Huntsville , Alabama

Well over a year ago, during my Overlander's refurb, I posted a picture in my photo gallery of number 1 son pointing out leaky wheel wells:

The photo's text included, to the effect, "... These will be sealed from the outside before going camping. Welll, that never quite happened.

I thought the water on the floor during 2004's trip to Disney was the result of a leaky air conditioner, and never gave a second thought to the wheel wells. But on our trip home from the Fort Desoto Rally a couple of weeks ago, we encountered a significant amount of rain, and the floor was wet. Again.

Since the A/C leak had been successfully repaired, the wheel well issue bubbled up in my mind. So, the wheels were pulled, and all wheel well seams caulked with suitable sealant about a week before our 1400 mile trip to Disney World. Success! We encountered just enough driving rain during our trip down that I should have found water on the floor IF any was getting in. The floor was dry.

Vintage owners - Don't forget about your wheel wells (like I did).



When I had my Caravel apart I noticed the wheel wells had water streaks on the inside. They were never sealed, just spot welded together. I used black Vulkem 116 to seal the wheel wells up on both sides (the inside and the outside). On my trip I drove thru a significant amount of rain. No leaks there, or anywhere for that matter. I also cleaned, prepped and painted with Por-15 products.


In my shell off renovation I found that my wheel wells (on my 63) were the main reason that the floor had to be replaced. My answer was to replace the bottom 6" of the tub with new galvanized metal. step 2 was (is) to seal both sides inside and out with automotive spray on undercoating. I beleive that this should seal up everything very tightly.
Remember you guys with the old vintage rigs that the factory undercoating does dry and become brittle so it cracks and falls off. A good preventive maint tip would be to inspect these and respray them on a regular basis.
Vintage owners - Don't forget about your wheel wells (like I did).

Non-vintage and near-vintage owners should remember this too. The weekend you posted this I was in the process of painting the frame in the area of the wheel wells and caulking the seam between the plastic/fiberglass wheel wells and the frame on our '85. I did this because I noticed that the floor below the closet to the rear of the curbside wheel well showed signs of being wet at some point in the trailers life (before we purchased it).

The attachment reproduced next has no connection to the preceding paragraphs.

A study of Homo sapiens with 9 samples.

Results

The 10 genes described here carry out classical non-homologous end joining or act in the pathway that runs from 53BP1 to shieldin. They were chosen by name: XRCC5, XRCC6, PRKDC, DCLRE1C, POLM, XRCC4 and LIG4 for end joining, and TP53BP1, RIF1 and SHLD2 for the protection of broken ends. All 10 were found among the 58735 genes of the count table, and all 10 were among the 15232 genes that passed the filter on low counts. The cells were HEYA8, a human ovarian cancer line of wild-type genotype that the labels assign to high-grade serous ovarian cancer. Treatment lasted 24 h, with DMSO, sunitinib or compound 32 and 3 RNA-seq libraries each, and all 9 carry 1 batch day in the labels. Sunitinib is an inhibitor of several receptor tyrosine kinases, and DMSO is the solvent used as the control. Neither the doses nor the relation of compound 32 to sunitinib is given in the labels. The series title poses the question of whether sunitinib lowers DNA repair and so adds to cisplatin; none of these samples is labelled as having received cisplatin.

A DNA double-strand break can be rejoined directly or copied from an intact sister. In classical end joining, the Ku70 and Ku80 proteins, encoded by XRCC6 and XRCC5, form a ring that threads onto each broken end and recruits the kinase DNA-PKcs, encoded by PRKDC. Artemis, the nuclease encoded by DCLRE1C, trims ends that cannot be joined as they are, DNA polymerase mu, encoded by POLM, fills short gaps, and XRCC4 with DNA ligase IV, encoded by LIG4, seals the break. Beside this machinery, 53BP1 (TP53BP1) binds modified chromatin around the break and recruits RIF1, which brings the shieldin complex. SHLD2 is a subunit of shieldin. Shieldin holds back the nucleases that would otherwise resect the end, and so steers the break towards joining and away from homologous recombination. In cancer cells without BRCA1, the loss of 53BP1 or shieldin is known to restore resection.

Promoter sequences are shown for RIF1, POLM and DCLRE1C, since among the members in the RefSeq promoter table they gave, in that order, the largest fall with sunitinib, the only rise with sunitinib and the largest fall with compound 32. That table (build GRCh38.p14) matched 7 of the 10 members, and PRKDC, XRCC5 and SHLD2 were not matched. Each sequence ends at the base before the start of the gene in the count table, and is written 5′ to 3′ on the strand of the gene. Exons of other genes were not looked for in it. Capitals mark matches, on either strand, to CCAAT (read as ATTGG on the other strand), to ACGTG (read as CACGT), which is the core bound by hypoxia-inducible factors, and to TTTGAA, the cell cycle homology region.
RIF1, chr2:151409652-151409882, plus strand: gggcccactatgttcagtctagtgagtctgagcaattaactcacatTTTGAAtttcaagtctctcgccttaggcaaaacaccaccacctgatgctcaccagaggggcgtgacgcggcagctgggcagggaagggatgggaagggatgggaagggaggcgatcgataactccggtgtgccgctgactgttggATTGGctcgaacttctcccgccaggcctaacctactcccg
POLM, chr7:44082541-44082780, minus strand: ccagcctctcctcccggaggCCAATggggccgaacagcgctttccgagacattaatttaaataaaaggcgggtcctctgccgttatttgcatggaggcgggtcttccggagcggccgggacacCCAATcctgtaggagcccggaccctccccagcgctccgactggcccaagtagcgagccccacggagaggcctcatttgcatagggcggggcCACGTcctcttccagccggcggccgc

During the paint & caulking process I noticed that there were "designed in" holes in the frame where the outriggers attach to the main frame rails in front of and behind the wheel wells. These "designed in" holes would allow water into the belly pan when the trailer was pulled in the rain even if the noted seam was caulked shut. I do not know the reason that these holes were left there by Airstream when they manufacturered the trailer, but I caulked them shut, too. Well except for the one rearward of the curbside wheel well. When wirebrushing off the rust to paint that outrigger, a large-ish rust hole develped. Apparently all that water getting thru the hole where the outrigger attached to the frame rail allowed that outrigger to deteriorate from the "inside". I was surprised to find this damage, because the rest of the frame on our '85 is in better shape than most 80's-early 90's Airstreams I have seen. A trip to the local welder to get this outrigger reinforced will be in the near future. I will then caulk all remaining gaps in that wheel well shut.

I gutted my 1977 Overlander this weekend and was shocked to find that there are no wheel wells. The wheel wells are plastic with fiberglass on top with another plastic cap on the inside. Is 77 the only year that they did this? I know that weight is a consideration and that 77 was our second oil embargo but I don't thinks plastic was a good idea. Should I replace the plastic with steel or aluminum? Has anyone had this experience? I don't think that anyone has done any drastic renovations on my aluminum can!